Members of the U.S. military are increasingly turning to food banks to feed their families. Some families said they couldn’t last a week without visiting the food pantries.
Desiree Alvarez, her 3-year-old son Elijah and 6-year-old daughter Marysol have had to rely on food banks to survive during the coronavirus pandemic.
“We’re military, but we’re struggling,” Alvarez said. “This is the first time that I have consistently had to go to a food bank over and over again.”
Her husband is an E-3 private at Joint Base Lewis-McChord, also known as JBLM. They live in Tacoma, Washington, which is expensive for a family of four living on $2,300 a month.
“We couldn’t go a full week without having to go get help from a food pantry,” Alvarez said. “These kids are worth it, like our family is worth it. We’re worth getting the help that we need.”
About 30 minutes away, Thurston County’s food bank serves 1,500 military families, a 22% spike since the pandemic began.
Lieutenant Colonel J.P. Smith, a chaplain at JBLM, said the pandemic said military spouses have struggled to find work during the crisis.
“You take a spouse who’s normally working, unable to find work because of the COVID pandemic,” he said. “If they lose that second income, that’s a blow to anybody.”
Alvarez had employment until the military transferred her family to Tacoma a year ago. Their financial cushion collapsed when the family’s income plunged by more than half.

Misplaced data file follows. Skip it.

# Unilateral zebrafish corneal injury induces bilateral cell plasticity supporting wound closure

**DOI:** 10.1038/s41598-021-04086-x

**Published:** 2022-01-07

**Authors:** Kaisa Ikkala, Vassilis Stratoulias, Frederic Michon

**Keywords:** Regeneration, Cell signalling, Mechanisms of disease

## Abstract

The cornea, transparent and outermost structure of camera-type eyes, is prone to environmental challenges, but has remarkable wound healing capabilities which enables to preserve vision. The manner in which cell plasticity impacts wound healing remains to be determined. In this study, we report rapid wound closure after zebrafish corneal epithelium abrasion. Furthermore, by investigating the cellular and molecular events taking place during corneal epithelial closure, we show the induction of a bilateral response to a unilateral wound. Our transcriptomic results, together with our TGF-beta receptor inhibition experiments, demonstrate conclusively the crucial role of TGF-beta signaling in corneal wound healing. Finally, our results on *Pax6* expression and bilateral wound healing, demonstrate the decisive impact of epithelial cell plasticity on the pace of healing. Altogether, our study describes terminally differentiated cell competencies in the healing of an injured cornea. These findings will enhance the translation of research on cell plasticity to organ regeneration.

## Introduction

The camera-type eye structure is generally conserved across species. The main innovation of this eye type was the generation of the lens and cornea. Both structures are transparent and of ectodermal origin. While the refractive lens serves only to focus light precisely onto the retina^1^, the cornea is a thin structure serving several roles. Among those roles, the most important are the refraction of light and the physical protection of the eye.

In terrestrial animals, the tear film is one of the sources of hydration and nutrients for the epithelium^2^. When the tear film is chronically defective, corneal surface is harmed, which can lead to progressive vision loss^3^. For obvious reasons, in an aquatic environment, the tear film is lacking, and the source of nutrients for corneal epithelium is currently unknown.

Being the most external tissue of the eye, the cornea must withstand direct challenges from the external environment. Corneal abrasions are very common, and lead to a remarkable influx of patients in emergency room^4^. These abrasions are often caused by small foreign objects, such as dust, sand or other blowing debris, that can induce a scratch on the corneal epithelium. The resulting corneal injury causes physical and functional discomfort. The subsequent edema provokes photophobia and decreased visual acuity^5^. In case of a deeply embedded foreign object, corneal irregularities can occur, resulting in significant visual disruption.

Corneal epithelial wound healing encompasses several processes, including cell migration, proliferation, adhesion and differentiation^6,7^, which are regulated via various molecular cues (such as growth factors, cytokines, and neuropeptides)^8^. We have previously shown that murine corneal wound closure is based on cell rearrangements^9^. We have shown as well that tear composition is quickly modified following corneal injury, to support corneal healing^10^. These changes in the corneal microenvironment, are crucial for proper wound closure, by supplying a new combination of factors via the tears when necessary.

The Department of Defense estimates the jobless rate for military spouses is 22%. Other estimates run as high as 35%. In San Diego, families using the food bank at the Armed Services YMCA surged 400% percent during the pandemic.
Shannon Razsadin, president and executive director of the Military Family Advisory Network, said the pandemic has “exacerbated” the issue for military families.
“What many people don’t know is that military families move, on average, every two-and-a-half years. And every time families move, there’s a complete restart. That means looking for a new job, finding new childcare, getting set up with new schools, finding a new home,” Razsadin said. “And with COVID, families have continued to move. And when you move in a market where you maybe don’t have as many housing options or the employment situation isn’t what it used to be, it has really created additional problems for military families.”
For those who would like more information on how to help military families, visit: www.combatmilitaryhunger.org.